The dour radio comedian regarded his work as totally ephemeral, but a new generation of comics has built upon his foundations
February 1988 | Volume 39, Issue 1
Allen felt that radio comedy probably was doomed even without the advent of TV. “The audience and the medium were both getting tired. The same programs, the same comedians, the same commercials—even the sameness was starting to look the same,” he wrote. But he also was bitter about the rise of television, which he considered nothing more than recycled vaudeville. He was particularly scornful of the popularity of Milton Berle, whose show was so successful that he was called “Mr. Television.” Allen correctly predicted that Berle’s TV reign would be brief. “You can go only so long when you get your laughs by running in front of the audience wearing a pair of lady’s drawers,” he told a Life interviewer. He himself made a few tentative stabs at television, but he was uncomfortable with the medium. He was nervous about appearing without a script in his hand and he didn’t like “all those technicians wandering back and forth in front of me while I’m trying to tell a joke,” he said.
In 1952 Allen had first a heart attack and later a cerebral spasm, and his career as a performer was virtually over. His final appearances on television were as a panelist on “What’s My Line?,” where his talents were largely wasted.
With time on his hands Allen turned to writing books. Treadmill to Oblivion, which appeared in 1954, was a memoir of his radio career, and he was working on Much Ado About Me about his vaudeville and Broadway days, when he died.
On the night of March 17, 1956, Allen, then sixty-one, was taking his dog on his customary stroll before bed when he was stricken with a heart attack a block from his apartment and collapsed on the street. Passersby carried him inside a nearby building, but he was dead within twenty minutes.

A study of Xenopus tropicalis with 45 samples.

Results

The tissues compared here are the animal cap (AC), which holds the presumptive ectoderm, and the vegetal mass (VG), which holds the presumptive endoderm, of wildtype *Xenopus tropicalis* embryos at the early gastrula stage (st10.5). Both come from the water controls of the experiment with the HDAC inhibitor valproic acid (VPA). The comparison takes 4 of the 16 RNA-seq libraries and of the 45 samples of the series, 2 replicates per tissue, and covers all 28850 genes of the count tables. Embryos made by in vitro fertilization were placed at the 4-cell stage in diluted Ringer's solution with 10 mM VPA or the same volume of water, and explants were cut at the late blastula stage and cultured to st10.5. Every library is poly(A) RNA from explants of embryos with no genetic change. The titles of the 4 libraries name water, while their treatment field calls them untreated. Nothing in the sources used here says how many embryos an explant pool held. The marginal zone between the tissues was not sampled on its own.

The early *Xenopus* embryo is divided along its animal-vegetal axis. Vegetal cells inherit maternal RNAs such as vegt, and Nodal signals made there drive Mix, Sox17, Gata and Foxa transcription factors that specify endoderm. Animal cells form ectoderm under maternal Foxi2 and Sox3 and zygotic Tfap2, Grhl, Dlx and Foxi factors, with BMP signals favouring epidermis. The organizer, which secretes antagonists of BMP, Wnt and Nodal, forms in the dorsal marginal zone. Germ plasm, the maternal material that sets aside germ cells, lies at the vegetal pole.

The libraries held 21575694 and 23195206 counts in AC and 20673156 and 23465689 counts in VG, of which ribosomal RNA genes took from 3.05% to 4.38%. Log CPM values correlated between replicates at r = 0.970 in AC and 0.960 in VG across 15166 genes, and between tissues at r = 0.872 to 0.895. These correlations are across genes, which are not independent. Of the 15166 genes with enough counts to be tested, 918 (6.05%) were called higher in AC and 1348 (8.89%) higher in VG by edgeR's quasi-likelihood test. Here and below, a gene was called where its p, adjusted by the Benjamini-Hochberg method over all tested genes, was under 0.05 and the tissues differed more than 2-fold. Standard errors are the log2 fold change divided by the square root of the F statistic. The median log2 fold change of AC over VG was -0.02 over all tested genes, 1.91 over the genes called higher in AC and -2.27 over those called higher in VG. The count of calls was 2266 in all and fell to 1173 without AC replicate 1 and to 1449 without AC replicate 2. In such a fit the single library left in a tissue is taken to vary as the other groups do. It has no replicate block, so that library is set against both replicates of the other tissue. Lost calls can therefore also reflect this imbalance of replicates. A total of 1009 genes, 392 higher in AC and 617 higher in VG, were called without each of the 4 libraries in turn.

At the time of Allen’s death many critics and friends took issue with his belief that he and other radio comedians had toiled futilely on a “treadmill to oblivion.” Yet if the name of Fred Allen is mentioned today to anyone under forty who is neither a nostalgia buff nor an entertainment industry historian, the likely response is a blank stare. The movies in which Allen appeared are rarely seen; his early TV appearances were not filmed, as were those of Jack Benny, Burns and Allen, or Lucille Ball. And Allen was realistic about his radio career. At the end of one broadcast he had been heard to mutter, “Well, that one belongs to the sparrows.”
Certainly his radio programs were ephemeral, but for those who remember hearing them and for those who have built upon his comic inventions, the laughter they inspired is by no means forgotten. The day after Allen died, his friend and former employee Herman Wouk wrote to The New York Times: “In Fred Allen, the voice of sanity spoke out for all Americans to hear, during a trying period of our history, in the classic and penetrating tones of comic satire. Because he lived and wrote and acted here, this land will always be a saner place to live in. That fact is his true monument.”